RUN ISLAND, Indonesia, Dec 18, Reuter – Crouched in the tropical sea, dotted with a few bamboo huts and free of traffic snarls or drug warfare, Run hardly seems a match for New York.
Yet this speck of an island, one of eastern Indonesia’s Banda group, was once considered a fair swap for Manhattan.
The reason hits visitors in the nose as they clamber to the island over the coral reef; nutmeg, growing on one of the nine tiny islands that are its only natural habitat.
It is harvest time for the venerable spice, which prompted early seafarers to genocide and earned them fortunes. Run is wrapped in the warm scent of nutmeg drying in the sun.
The brown seed of the nutmeg tree, caged in scarlet mace and prized as a delicious preservative for meats, was de rigeur in the world’s grandest kitchens in the days before refrigeration.
The Portuguese were first off the mark, finding the islands in 1599. Then the Dutch launched a bloody campaign to wrest control. They resorted to the murder of the entire population of the main island, Banda Neira, and won power.
Their rusting cannons still litter the islands. The Dutch sealed their monopoly in 1667 by handing over Manhattan to the British in exchange for total control of Run, and thrived.
An enterprising Englishman stole seedlings during the Napoleonic wars and replanted them in Grenada and elsewhere and the monopoly was smashed.
The Bandanese say nutmeg needs volcanic soil, sea breeze and lots of shade. It is now grown elsewhere in Indonesia and the world, but Banda has a lock on quality, they say.
"It seems we’re the only ones who provide what it needs. The British stole our trees and planted them where they didn’t have those things and they got stunted," said Bandanese Tanya Alwi, adding sadly that top quality is no guarantee of success.
"The world has grown used to second-quality nutmeg, those horrid little dry things from Grenada," he said. "We’re too spicy."
Alleged mismanagement of plantations and volcanic eruptions have devastated Banda’s own crop. And in the cartel export system, based around Aspin (the Indonesian Nutmeg Association), history repeats itself.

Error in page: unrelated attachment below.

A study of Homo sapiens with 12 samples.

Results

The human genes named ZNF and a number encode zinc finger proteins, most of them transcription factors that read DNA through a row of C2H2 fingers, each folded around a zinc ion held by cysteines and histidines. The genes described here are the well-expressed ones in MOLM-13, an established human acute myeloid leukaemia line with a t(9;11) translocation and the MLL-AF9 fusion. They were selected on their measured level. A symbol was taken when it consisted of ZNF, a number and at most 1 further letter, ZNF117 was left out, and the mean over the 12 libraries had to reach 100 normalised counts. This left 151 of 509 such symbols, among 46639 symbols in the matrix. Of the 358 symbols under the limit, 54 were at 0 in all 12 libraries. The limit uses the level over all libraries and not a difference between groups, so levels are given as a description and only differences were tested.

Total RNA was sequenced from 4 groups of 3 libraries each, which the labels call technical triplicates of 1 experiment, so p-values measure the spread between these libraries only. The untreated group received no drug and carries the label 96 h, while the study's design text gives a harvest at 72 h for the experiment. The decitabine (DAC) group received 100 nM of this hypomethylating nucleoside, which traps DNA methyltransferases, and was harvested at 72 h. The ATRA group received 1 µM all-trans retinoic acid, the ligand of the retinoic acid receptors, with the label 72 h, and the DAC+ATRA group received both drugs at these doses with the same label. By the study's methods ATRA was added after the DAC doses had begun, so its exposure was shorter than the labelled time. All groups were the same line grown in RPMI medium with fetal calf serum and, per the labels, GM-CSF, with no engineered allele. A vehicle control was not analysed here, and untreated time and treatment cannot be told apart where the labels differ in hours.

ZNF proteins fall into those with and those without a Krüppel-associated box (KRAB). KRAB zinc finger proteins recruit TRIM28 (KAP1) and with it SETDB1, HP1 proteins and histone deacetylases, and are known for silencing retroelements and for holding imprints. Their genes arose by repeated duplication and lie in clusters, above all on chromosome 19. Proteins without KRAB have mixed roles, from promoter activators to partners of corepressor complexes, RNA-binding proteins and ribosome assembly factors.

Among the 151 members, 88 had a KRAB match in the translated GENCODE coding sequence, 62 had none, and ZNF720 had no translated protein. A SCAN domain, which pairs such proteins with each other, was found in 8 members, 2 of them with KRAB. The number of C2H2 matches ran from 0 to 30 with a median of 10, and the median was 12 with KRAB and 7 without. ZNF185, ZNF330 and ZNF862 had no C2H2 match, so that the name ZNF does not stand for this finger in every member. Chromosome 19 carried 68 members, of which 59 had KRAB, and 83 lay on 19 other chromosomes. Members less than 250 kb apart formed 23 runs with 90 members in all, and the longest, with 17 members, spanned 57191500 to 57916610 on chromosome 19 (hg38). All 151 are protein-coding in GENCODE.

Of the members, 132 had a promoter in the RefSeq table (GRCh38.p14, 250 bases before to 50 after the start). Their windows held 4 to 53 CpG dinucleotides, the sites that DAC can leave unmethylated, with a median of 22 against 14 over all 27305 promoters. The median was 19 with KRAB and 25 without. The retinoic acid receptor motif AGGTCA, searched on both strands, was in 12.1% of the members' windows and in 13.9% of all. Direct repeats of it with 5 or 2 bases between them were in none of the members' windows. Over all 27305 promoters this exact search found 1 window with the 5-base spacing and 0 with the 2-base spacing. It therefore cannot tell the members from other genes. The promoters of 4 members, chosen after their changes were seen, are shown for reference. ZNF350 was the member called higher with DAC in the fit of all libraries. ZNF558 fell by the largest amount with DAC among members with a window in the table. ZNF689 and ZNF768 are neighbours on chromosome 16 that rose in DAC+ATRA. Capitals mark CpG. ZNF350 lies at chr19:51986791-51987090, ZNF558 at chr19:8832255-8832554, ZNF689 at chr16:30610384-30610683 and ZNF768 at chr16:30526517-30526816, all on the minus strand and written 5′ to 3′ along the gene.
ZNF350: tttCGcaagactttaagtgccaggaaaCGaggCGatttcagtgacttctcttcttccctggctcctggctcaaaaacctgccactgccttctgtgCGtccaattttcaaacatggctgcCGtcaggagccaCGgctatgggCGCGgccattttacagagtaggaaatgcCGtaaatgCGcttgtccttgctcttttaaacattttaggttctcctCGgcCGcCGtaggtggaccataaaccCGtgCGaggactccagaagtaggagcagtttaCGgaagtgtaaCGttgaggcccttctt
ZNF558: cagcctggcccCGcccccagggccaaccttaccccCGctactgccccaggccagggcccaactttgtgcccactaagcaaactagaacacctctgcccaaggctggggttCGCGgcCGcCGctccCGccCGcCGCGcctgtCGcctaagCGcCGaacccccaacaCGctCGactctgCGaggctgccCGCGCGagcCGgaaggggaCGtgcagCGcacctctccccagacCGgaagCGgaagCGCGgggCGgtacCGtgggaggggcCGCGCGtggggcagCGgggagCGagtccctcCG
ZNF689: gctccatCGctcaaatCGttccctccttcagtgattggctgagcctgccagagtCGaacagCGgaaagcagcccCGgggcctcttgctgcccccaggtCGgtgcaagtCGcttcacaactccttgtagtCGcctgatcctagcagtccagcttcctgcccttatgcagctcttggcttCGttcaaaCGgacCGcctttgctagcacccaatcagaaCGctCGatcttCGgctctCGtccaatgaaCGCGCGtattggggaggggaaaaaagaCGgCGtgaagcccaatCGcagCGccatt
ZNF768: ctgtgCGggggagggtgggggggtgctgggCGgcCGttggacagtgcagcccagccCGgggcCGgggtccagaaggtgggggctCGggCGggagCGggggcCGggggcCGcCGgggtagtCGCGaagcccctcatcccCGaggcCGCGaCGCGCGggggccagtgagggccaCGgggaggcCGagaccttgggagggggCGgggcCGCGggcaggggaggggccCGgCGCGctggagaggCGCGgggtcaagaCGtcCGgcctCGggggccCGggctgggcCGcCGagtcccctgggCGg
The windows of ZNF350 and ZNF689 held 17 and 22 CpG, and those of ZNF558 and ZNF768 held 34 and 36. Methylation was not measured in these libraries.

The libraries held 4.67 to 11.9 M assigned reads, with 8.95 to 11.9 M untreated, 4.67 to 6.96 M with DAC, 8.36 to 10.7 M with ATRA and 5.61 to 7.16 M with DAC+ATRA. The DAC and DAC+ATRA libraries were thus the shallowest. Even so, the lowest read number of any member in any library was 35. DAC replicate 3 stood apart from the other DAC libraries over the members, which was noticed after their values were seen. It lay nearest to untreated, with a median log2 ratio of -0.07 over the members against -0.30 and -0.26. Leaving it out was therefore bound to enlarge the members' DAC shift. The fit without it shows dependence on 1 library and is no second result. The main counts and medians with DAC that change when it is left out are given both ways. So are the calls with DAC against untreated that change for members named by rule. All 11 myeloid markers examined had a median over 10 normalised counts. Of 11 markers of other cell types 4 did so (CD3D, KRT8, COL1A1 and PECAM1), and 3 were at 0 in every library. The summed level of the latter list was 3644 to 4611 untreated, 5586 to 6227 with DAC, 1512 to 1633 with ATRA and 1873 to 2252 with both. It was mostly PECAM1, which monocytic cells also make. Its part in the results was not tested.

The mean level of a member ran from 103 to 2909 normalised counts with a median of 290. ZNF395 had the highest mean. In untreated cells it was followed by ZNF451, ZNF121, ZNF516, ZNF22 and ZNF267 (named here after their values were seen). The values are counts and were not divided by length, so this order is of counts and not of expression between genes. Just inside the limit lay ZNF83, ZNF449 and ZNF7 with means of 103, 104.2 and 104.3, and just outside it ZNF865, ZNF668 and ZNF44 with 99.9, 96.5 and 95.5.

Now, say Aspin’s critics, it is not European merchants but a handful of wealthy exporters and a single Singapore-based trading firm that reap the rewards of farmers’ labours.
Farmers in Banda have to turn their whole crop over to PT Perkebunan Pala Banda, a state company that sets the price and a production target. The company takes half the target amount for free and pays for the rest.
Pala Banda’s Haryanto, who oversees the husking and drying of the nutmeg on Banda Neira, says he pays 800 rupiah (45 cents) a kilo (2.2 pounds) for ‘wet’ nutmeg.
The women crouched on the floor using knives, spoons and house keys to peel off the mace, itself a precious spice used in soups and baked goods, get paid three cents a kilo of peeled nutmeg. That is about 15 minutes work.
Nutmeg’s domestic price, once it has been dried for 14 days in the tropical sunshine shrinking to a quarter of its weight, is 3,500 rupiah (two dollars) a kilo.
By the time it reaches overseas customers such as Coca Cola who use it in their soft drink, the price has risen to 6,000 dollars a metric tonne, or 10,000 rupiah (about five dollars) a kilo, says exporter and former Aspin head Jantje Worotitjan.
Indonesia produces 75 to 80 per cent of the world’s nutmeg.
Aspin insists its sole export agent, First Pacific Commodities, a Singapore-based firm controlled by Indonesian businessman Ibrahim Risjad, is essential to maintain prices.
But Bandanese farmers say they would be better off if allowed to export directly themselves. And, they say, they deserve every advantage they can get.
Last year the volcano that rises out of the sea in the middle of the Bandas erupted, and hot ash blowing across to the other islands, especially Ai, devastated the nutmeg trees and wiped out two years production.
The attitude of the farmers is at best fatalistic. "Nutmeg is full of ups and downs. We will survive. After all, even the ants survive," said one Ai man.